The Granary building in Limerick city
LIMERICK is to get a new central library, funding for which has been confirmed this Wednesday lunchtime.
Some €2m has been made available by Environment Minister Alan Kelly for the project, which will see the ageing library at the Granary in Michael Street replaced.
Mayor Liam Galvin has welcomed the funding boost, which has been made under the Capital Funding Programme for local libraries.
"This proposed new library will act as a powerful cultural and social inclusion agent, playing a pivotal role in strengthening community identity and promoting civic participation," he said.
"It will support the Local Authority’s economic agenda through business and job skills support. It also will combat educational disadvantage through the promotion of literacy and community lifelong learning."
Council boss Conn Murray said the new library will be of 21st century design and "will address what good digital spaces should look like and what kind of new learning spaces are needed”.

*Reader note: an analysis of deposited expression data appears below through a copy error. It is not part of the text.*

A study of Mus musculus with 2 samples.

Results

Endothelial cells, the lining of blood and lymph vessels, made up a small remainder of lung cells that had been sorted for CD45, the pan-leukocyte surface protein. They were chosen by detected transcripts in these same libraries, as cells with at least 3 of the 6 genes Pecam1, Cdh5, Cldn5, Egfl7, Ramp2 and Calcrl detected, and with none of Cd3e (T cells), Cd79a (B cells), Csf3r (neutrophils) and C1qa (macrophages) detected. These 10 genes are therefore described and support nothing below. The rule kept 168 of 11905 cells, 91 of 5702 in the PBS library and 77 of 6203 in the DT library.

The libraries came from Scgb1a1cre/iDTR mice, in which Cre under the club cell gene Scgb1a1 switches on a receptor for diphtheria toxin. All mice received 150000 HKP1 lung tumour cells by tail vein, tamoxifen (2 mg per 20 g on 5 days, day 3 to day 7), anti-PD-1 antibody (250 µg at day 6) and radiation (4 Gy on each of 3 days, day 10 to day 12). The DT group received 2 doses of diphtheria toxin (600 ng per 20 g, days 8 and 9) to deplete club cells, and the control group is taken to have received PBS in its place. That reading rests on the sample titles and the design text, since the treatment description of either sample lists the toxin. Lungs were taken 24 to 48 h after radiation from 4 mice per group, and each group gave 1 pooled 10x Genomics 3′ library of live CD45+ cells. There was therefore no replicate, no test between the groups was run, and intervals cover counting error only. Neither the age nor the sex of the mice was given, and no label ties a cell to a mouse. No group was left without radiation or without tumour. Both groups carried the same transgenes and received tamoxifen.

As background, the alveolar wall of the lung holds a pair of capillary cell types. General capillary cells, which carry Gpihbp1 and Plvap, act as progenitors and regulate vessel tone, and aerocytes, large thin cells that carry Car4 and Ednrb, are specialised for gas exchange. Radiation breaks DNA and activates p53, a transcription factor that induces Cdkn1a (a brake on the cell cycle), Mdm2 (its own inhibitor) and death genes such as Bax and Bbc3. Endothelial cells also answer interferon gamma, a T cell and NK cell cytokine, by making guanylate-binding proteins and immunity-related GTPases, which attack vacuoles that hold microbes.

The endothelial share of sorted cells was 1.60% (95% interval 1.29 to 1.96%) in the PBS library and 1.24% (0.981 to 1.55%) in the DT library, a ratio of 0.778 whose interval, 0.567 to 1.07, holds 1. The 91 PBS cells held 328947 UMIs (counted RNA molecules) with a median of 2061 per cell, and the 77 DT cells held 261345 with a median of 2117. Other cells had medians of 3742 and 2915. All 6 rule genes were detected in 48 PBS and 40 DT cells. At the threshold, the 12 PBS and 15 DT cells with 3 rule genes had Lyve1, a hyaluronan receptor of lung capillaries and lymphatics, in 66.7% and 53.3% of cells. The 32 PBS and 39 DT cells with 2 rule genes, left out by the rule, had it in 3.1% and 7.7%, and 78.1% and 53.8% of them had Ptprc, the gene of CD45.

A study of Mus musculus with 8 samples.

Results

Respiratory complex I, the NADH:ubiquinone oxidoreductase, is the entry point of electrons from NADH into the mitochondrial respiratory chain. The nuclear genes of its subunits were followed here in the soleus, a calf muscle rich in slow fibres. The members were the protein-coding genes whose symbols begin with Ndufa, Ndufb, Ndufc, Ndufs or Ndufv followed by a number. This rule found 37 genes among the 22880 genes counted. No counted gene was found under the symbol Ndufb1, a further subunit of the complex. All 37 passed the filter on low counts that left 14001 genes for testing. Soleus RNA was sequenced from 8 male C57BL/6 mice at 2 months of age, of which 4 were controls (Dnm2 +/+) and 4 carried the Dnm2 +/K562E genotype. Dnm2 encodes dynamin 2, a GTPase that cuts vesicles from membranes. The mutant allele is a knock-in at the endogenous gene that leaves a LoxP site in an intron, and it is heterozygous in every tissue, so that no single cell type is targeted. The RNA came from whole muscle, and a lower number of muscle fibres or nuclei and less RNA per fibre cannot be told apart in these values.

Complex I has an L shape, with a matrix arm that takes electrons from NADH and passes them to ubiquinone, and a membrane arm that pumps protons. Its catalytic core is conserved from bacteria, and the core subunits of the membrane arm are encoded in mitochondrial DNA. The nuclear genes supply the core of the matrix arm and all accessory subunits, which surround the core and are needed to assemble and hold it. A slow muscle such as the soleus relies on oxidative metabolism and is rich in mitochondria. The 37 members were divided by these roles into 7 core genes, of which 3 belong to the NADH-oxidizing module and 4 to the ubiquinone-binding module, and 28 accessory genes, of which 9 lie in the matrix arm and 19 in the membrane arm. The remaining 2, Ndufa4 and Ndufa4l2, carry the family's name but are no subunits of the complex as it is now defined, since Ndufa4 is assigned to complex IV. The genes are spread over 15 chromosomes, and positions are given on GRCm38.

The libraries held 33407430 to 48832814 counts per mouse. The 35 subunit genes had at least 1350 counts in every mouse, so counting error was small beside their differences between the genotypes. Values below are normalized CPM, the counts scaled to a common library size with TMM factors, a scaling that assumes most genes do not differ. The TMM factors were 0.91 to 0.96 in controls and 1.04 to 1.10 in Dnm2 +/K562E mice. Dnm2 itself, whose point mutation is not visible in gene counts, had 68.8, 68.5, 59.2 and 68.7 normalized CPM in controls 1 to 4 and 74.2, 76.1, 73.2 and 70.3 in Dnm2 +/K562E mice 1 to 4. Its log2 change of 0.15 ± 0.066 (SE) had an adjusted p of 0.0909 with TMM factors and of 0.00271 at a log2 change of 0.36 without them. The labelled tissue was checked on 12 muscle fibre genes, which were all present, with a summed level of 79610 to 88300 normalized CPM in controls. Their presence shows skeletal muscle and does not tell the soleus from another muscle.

"The library, which will eventually replace the existing facility at the Granary, will be Limerick’s open and inclusive venue, nurturing the development of critical thinking and an informed citizenry.
“Central to the library plan is an emphasis on innovation, education and new ways of learning achieved through collaboration between key education stakeholders in the City and County," added Mr Murray.
The library remain one of the most popular and best-used cultural services provided by Limerick City and County Council. In 2015, Limerick City and County Libraries issued over 750,000 books to 31,500 readers.
Limerick Library Services also recorded over 700,000 visitors who availed a wide range of services, including access to Information Technology, study facilities and cultural events.